Curia’s Levelling Up Commission is relaunching for 2023, with a new focus to turn the ambitions of the levelling up agenda from policy into practice.

Levelling Up our Public Services

If the Levelling Up agenda is to mean much in the long run, it will have to be about more than just investing in infrastructure projects across the UK. Indeed, it will require a much more serious approach to the design and delivery of public services, and how inequalities can both be baked into public services, but also ameliorated by them.

The existing pressures on local authorities and others to deliver public services in difficult circumstances have only been compounded by high levels of inflation (making the cost of delivery even higher) and the squeeze on public finances at the national level meaning that additional funding will be very unlikely, with spending cuts the probable outcome.

Levelling up as a concept is not dead. There remain real and substantive regional inequalities which must be tackled as a matter of public priority, even with the current squeeze on the public purse. Inequalities in healthcare, housing, education and justice mark a real and pressing issue that all levels of government have an obligation to address.

Simply put, the levelling up agenda requires fresh thinking. It must be people  focused rather than project centric and seeks to drive down the inequalities that have dogged public services for too long.

In 2011, the public sector equality duty came into force, requiring all public authorities and providers of statutory services to, among other things, advance equality of opportunity between those who share a relevant protected characteristic and those who do not share it. However, in 2022, it remains the case that minority groups, whether looked at by ethnicity, religion, sexual orientation, sex, gender identity, or disability often face unequal access to public services and unequal outcomes. Similarly, there is a significant postcode lottery regarding the geographical availability of good public services, that place certain regions (often those with lower income levels) at a further disadvantage.

This was highlighted during the pandemic; however, it is a problem that has existed long before then and without concerted efforts will continue to persist. The impact of this is clear. When minority groups do not have equal access to healthcare, suitable housing and good education, they face significantly worse life chances. These factors contribute to making people more likely to face ill-health, poor housing/homelessness and shorter life expectancies than counterparts with better access to these services. Moreover, it costs the public purse down the line. For instance, significant NHS savings could be realised from the public health benefits of people presenting earlier to services. Social care and the NHS could benefit from homes without damp issues.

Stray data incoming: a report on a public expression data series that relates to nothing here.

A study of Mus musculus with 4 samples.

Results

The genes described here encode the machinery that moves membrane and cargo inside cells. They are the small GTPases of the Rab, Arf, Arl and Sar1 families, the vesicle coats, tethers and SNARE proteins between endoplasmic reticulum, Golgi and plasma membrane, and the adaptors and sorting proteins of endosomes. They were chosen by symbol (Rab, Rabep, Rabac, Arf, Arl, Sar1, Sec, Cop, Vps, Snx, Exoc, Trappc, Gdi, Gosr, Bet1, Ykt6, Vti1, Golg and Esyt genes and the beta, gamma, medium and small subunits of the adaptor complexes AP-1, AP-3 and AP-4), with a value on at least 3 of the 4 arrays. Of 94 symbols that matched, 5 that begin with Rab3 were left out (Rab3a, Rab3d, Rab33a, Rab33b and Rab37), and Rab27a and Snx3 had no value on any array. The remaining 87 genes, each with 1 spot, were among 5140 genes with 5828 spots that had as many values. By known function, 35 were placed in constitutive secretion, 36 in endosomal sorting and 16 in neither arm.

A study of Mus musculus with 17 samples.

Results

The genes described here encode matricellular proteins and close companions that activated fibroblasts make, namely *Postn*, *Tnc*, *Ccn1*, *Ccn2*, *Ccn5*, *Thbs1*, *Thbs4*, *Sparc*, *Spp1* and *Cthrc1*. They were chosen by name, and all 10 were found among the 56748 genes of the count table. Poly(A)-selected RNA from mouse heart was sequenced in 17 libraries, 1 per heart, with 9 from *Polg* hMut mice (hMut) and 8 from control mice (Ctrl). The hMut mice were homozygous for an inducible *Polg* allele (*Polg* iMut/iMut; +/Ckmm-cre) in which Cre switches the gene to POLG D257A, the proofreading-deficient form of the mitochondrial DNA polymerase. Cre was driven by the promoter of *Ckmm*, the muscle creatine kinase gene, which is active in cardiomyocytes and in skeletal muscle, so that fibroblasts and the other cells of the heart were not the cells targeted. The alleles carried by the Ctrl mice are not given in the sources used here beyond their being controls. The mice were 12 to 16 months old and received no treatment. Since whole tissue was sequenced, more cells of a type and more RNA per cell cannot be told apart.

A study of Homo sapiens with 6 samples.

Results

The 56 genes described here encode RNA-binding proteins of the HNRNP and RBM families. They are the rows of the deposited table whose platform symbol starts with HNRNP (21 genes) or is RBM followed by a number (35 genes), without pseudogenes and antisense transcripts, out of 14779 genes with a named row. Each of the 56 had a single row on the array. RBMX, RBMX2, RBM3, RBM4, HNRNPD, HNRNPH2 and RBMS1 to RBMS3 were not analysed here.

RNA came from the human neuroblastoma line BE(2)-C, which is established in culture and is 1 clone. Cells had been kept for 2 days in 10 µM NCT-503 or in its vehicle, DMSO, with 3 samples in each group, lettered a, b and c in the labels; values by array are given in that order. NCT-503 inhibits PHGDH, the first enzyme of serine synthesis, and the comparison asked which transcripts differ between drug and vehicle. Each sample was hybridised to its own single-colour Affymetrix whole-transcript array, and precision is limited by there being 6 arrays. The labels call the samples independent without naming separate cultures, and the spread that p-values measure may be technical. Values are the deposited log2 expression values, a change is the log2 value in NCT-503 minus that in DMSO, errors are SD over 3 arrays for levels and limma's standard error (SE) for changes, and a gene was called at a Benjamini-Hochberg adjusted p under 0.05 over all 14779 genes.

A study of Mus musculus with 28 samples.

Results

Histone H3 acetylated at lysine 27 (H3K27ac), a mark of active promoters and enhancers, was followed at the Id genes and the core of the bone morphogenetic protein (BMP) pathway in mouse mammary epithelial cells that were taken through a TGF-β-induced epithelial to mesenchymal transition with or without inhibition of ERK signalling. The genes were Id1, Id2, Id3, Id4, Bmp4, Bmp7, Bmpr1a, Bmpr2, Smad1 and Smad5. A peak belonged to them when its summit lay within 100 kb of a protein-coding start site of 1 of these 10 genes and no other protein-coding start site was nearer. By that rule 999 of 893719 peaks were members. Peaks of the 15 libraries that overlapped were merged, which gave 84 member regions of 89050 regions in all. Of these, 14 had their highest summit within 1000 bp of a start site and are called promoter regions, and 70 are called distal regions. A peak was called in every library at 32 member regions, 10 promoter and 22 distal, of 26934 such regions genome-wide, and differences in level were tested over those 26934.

What will the Commission do?

To successfully close the gap of inequalities in public service provision, there is a need to engage all levels of the system as services are commissioned, designed, and delivered. Guidance, policies and implementation plans require careful consideration and most importantly, co-production involving all levels of the system to ensure that they are both effective, and feasible at the local level.

While reducing inequalities across the UK is the stated aim of the Government’s levelling up agenda, the Levelling Up and Regeneration Bill makes no mention of the word ‘inequality’. While it is a policy programme that pledges to reduce geographical inequality, it is very light on the detail of how it will do so.

Likewise, public services, though they often indicate a need to reduce inequality of access and service, typically offer very little detail as to how this will be done. While the 2012 Health and Social Care Act outlines the duties of the Secretary of State, Clinical Commissioning Groups, regulators, NHS trusts and more to reduce inequalities in access and quality of care, there is very little in terms of how this will be rolled out in practice.

Clearly, developing approaches to combat these problems should not be done to and for local authorities, regional government and service providers (public, private and third sector alike), but rather with and by them. The Commission will take the conversation to them. The Commission has four simple aims:

  1. Support and develop recommendations to reduce inequalities in public service provision alongside accompanying implementation plans for all levels of the system
  2. Share examples of best practice from the UK across different service provision areas
  3. Conduct socio-economic research to show impact of unequal public service provision
  4. Engage with national, regional and local government, service providers, service users to build consensus on recommendations

The Commission will set out a series of recommendations to consider how regional inequalities can be reduced from the perspective of public services in four key areas:

  1. Health and Social Care
  2. Housing and Homelessness
  3. Education, Skills and Training
  4. Crime, Justice and Rehabilitation

If you have any questions about the Commission, or want to get involved – email Policy and Research Analyst Hal Arnold-Forster at hal.arnoldforster@chamberuk.com.